The beer batter in this recipe gives a beautifully crisp coating that not only helps steam the fish, it also keeps it moist during frying. Make sure you buy firm, thick, white fish fillets such as flathead. The secret of the best chips is in the double cooking! It's also a good idea to use a variety of potato that has a low water content.
- 300 g (2 cups) plain flour, plus extra for dusting
- 375–500 ml dark beer
- 1 tbsp dried yeast
- 1 tsp olive oil
- 6–8 potatoes such as Dutch cream
- canola oil, for deep-frying
- 8 flathead fillets
Oven temperatures are for conventional; if using fan-forced (convection), reduce the temperature by 20˚C. | We use Australian tablespoons and cups: 1 teaspoon equals 5 ml; 1 tablespoon equals 20 ml; 1 cup equals 250 ml. | All herbs are fresh (unless specified) and cups are lightly packed. | All vegetables are medium size and peeled, unless specified. | All eggs are 55-60 g, unless specified.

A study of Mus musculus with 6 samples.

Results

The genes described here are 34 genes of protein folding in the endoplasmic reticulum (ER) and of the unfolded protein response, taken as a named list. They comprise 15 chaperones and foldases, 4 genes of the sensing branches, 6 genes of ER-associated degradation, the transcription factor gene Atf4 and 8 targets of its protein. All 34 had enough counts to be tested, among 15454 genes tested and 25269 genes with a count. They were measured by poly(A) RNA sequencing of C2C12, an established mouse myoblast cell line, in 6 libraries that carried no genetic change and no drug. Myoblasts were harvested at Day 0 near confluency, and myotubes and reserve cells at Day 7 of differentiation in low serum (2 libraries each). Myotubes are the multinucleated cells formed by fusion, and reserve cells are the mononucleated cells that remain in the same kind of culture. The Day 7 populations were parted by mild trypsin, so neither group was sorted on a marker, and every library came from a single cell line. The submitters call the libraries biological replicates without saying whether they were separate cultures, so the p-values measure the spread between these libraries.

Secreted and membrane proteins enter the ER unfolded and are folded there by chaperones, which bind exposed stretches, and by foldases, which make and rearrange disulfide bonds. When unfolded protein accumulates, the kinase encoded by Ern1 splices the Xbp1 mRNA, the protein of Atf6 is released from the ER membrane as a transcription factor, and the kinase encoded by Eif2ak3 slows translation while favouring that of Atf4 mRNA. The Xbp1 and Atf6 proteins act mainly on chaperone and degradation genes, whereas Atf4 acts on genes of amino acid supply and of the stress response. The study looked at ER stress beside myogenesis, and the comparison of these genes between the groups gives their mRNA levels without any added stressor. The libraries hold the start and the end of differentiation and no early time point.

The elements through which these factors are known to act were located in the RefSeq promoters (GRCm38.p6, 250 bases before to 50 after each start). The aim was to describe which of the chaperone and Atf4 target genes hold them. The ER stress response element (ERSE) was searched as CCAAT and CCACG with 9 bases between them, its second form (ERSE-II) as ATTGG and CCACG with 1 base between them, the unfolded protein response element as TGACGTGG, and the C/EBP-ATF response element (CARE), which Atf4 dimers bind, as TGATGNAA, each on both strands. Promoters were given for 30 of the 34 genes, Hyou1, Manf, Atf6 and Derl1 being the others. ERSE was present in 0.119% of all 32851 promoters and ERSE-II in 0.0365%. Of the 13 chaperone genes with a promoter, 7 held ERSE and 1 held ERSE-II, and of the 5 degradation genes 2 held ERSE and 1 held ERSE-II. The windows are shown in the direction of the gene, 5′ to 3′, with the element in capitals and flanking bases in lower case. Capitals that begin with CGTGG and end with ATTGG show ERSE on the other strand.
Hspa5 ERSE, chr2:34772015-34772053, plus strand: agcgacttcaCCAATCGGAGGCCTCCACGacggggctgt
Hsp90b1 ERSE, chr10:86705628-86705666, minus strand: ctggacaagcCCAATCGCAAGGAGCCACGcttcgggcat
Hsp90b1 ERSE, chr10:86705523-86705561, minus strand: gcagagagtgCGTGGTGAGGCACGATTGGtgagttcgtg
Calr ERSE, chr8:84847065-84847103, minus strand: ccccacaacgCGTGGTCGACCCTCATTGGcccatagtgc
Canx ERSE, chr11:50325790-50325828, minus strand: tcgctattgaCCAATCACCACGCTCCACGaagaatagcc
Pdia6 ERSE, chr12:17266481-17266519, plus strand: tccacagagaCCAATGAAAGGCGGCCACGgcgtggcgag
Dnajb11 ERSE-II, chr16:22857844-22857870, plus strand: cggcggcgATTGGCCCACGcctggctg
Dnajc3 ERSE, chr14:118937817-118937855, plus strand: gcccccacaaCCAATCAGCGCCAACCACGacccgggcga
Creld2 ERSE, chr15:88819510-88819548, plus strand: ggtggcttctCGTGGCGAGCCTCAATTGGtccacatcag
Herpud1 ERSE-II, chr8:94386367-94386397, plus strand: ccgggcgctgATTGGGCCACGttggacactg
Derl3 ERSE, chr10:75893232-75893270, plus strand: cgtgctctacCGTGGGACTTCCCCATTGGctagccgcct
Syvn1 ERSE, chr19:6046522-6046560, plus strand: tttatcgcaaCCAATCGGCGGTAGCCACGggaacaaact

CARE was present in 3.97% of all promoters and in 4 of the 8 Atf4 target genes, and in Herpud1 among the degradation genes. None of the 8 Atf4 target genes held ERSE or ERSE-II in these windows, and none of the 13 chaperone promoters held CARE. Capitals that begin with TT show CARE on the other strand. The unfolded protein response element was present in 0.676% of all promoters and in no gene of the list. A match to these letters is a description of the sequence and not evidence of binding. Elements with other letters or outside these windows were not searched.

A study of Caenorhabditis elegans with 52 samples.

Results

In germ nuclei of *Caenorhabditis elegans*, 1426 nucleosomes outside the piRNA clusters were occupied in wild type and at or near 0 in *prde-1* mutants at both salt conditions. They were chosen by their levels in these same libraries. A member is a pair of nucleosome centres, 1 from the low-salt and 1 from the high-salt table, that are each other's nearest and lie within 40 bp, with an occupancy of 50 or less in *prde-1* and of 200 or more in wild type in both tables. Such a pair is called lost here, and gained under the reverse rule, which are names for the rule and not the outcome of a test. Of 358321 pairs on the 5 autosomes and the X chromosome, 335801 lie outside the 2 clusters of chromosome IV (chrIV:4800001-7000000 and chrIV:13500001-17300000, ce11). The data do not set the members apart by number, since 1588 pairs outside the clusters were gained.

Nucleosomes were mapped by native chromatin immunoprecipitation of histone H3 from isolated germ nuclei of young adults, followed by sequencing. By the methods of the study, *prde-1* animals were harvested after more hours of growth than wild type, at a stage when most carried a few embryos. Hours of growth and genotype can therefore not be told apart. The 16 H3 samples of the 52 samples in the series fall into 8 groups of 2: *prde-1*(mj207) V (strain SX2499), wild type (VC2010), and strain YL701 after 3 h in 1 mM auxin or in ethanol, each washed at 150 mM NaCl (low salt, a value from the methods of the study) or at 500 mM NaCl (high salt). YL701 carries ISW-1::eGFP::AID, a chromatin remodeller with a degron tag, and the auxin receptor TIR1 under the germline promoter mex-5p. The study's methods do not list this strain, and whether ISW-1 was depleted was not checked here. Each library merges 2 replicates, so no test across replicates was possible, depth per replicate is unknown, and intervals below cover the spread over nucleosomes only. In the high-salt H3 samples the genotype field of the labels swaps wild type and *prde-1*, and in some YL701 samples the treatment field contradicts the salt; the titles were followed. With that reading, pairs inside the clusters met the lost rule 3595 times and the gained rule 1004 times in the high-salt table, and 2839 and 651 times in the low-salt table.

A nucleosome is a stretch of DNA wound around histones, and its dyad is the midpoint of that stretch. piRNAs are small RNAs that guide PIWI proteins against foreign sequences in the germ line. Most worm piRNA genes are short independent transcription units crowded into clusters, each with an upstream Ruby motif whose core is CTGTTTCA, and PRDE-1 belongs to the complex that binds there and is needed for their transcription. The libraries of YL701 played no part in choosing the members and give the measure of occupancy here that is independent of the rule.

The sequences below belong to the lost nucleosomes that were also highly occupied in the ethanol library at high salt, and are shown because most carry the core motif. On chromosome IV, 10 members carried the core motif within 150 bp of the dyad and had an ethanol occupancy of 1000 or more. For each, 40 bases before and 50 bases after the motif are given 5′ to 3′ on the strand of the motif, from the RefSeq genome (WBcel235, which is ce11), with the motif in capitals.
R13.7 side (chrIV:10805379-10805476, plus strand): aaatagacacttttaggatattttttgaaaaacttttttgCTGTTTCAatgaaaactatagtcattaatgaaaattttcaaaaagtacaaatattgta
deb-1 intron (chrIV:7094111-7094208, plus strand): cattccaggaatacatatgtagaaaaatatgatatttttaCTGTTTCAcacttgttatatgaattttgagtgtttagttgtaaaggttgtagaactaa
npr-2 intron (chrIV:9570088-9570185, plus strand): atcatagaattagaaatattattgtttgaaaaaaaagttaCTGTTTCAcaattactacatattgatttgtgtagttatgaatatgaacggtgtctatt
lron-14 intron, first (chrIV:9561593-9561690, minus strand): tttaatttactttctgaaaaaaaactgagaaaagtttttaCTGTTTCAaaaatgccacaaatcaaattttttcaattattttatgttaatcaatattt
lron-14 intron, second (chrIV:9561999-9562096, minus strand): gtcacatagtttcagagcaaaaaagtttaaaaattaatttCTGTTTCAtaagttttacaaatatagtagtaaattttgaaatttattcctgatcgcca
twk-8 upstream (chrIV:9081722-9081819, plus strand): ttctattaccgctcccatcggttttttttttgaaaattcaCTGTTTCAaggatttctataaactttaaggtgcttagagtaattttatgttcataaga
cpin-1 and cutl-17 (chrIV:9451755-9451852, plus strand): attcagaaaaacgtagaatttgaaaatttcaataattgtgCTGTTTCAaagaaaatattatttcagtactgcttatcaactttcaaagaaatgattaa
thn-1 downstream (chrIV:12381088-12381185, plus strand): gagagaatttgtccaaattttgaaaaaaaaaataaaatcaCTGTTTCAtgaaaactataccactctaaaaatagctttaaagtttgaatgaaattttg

Standing time 1–1½ hours
Place the flour in a large mixing bowl. Make a well in the centre and pour the beer into it. Start whisking the flour with the beer and, if necessary, adding water into the mix little by little to avoid lumps forming. Keep whisking until all the flour is incorporated and the batter is smooth. Whisk in the yeast and salt to taste. Leave the batter in a warm place for 1–1½ hours. Just before using add the olive oil, which adds gloss to the batter.
Peel and slice the potatoes, pat dry and cut into chips 1.5 cm wide. Heat sufficient oil in a deep saucepan and fry the chips for 5 minutes. Remove from the oil with a slotted spoon and leave to cool and drain on a wire rack for 10 minutes.
Reheat the oil and cook the chips again for 7–10 minutes until golden with a crunchy outer layer. Season with salt.
Working in batches, dust the fish in flour and lightly coat in batter. Add to the hot oil and cook for up to 3 minutes, turning regularly. Drain on paper towel, season with salt and serve with the chips.